D.C. Circuit Revives Cherokee Slaves’ Case

     WASHINGTON (CN) – The D.C. Circuit reversed dismissal of a case against the Cherokee Nation, by descendents of its freed slaves who claimed the tribe disenfranchised them in violation of an 1866 treaty.
     The principal chief of the tribe can adequately represent the Cherokee Nation in the case, giving the descendents of the slaves – known as Freedmen – a way to skirt the tribe’s sovereign immunity, Judge Brett Michael Kavanaugh wrote for the three-judge panel.
     The Freedmen are direct descendants of former slaves of Cherokees and free blacks who intermarried with Cherokees.
     “Applying the precedents that permit suits against government officials in their official capacities, we conclude that this suit may proceed against the Principal Chief in his official capacity, without the Cherokee Nation itself as a party,” Kavanaugh wrote for the court.
     The ruling breathes new life into the legal battle between descendants of Freedmen and slave-owning Indian tribes.
     During the Civil War, the Seminole, Cherokee, Choctaw, Creek and Chickasaw tribes cut ties with the Union and made treaties with the Confederacy. In 1866, the tribes had to make new treaties with the United States to regain their land and trust beneficiary status.
     But at some point nearly a century later, the Cherokee Nation decided it would no longer consider the Freedmen members of the tribe, and stripped them of their rights to land and to vote in tribal elections.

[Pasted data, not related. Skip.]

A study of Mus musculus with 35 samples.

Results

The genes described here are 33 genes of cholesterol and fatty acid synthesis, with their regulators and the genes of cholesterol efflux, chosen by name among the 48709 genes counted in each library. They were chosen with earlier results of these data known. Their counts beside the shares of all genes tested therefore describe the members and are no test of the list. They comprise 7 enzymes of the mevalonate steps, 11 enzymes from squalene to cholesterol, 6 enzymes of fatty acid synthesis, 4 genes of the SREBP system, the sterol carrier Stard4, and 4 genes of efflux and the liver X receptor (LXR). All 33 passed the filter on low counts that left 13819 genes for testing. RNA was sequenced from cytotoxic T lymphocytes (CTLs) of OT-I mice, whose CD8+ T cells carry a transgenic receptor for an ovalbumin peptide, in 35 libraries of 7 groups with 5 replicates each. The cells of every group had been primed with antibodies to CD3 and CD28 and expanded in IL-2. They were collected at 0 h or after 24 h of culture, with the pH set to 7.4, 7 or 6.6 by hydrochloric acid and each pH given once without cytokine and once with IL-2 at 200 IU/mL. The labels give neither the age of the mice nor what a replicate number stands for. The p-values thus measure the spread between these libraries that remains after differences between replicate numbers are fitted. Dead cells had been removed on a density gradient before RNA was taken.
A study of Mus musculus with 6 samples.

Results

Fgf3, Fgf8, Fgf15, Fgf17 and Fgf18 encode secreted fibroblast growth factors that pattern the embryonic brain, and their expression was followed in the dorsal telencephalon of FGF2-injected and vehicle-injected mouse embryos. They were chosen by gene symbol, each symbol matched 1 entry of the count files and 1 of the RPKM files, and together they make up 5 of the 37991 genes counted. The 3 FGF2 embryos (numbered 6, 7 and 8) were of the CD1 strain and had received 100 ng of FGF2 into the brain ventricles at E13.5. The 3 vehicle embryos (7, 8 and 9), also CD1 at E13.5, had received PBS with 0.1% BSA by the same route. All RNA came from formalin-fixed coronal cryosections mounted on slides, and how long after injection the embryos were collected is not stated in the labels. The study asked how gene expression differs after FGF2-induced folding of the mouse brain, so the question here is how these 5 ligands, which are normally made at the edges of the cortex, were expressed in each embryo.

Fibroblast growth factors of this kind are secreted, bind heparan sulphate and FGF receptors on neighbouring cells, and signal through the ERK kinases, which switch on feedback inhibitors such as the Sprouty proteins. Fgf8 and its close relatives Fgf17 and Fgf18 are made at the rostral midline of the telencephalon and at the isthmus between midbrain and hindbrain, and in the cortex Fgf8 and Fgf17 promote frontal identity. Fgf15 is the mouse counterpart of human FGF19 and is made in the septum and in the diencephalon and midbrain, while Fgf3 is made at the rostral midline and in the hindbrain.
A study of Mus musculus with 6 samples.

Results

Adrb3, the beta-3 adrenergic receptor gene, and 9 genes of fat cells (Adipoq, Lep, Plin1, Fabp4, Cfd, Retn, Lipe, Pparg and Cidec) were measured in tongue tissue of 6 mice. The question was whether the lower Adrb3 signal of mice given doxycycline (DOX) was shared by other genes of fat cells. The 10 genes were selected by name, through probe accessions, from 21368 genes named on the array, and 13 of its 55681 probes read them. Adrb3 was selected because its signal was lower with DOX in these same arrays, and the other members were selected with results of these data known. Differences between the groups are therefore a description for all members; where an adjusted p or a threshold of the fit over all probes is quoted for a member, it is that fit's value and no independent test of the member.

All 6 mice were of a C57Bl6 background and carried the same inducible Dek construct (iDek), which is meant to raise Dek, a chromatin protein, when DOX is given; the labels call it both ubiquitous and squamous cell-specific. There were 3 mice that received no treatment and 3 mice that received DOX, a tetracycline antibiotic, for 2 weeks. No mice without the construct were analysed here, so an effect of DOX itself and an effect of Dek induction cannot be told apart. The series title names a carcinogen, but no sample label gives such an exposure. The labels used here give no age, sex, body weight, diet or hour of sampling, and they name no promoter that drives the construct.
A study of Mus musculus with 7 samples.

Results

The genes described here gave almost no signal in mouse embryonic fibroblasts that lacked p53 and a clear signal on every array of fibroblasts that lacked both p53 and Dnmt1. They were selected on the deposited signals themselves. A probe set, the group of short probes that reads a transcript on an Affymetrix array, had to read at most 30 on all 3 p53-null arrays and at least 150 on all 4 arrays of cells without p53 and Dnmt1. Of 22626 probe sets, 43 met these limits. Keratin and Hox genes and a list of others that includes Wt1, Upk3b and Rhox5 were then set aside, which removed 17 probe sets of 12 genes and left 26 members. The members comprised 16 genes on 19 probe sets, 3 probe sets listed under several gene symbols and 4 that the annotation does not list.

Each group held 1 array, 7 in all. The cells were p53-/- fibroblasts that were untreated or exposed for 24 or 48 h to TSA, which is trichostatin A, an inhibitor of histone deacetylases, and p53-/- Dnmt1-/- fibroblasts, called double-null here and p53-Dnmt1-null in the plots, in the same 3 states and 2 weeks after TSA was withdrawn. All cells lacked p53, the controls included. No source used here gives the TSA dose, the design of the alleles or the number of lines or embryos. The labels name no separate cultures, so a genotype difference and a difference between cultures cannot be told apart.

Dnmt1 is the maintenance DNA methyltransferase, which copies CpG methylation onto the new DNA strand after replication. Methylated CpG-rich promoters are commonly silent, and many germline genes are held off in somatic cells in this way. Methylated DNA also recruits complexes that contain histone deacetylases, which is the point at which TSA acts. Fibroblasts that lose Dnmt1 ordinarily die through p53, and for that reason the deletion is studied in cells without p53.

In a related case, the descendants of slaves owned by the so-called Five Civilized Tribes challenged the $3.4 billion class action settlement of 2010, in Elouise Cobell et al. v. Ken Salazar, with a class action of their own.
     In this case, the Harvest Institute Freedman Federation claimed that the Cobell settlement was racially discriminatory, as the United States paid off descendants of treasonous Indian slave-owners who took the South’s side in the Civil War, but stiffed descendants of the Indians’ slaves.
     Unlike the Harvest Institute’s doomed case, which was tossed by a Federal Court that placed a 6-year statute of limitations on its claims under the Tucker Act and denied appeal, this minor victory gives new hope to descendants of Freedmen.
     Alvin Dunn argued the case for the descendants of the Freedmen.